The Campaign for Clear Licensing (CCL) has published an open letter to Larry Ellison and the board of directors at Oracle, urging them to “improve trust and communication” with their customers over the use of Oracle cloud computing services.

If Oracle “does not address customer concerns” over its licensing and auditing practices, the CCL warns, Oracle “may struggle” to hit its stated target of over $1 billion cloud sales in the next fiscal year.

Like all of the major software companies that built their businesses on the traditional annual licensing model, says the CCL, Oracle is being pressured to shift its business to the emerging cloud computing model, whereby companies pay for software as and when they use it.

The CCL says cloud services still only represent less than five percent of Oracle’s total revenue and that “the lasting issues of customer mistrust” could “pose a dampener on long-term growth”.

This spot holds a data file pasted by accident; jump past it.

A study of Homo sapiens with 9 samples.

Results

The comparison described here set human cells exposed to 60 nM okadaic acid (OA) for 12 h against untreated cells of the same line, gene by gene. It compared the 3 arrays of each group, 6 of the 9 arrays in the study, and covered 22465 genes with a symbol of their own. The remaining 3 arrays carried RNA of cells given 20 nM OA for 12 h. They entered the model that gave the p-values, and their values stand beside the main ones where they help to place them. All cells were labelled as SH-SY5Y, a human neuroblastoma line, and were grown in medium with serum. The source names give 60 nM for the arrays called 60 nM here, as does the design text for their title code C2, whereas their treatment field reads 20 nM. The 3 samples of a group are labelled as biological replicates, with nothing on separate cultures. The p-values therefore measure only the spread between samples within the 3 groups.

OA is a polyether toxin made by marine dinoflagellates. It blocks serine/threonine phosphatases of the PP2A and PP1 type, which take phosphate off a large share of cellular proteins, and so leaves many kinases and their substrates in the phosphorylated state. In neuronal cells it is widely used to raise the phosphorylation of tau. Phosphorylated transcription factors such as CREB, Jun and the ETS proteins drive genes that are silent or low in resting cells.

In November 2014, the Campaign for Clear Licensing published a report which “highlighted the extent of customer mistrust” on Oracle’s licensing and auditing practices. The report, which was based on a survey of over 100 Oracle customers worldwide, including six FTSE 100 companies, found that Oracle’s audit requests are “often unclear and difficult to respond to”.

It also said that Oracle’s own License Management Services organisation (LMS) is “largely unhelpful to customers during an audit”, and that the company’s licensing changes are “often poorly communicated” - to the extent that in some instances Oracle’s own sales teams and LMS are “often found to be working with out-of-date licensing information”.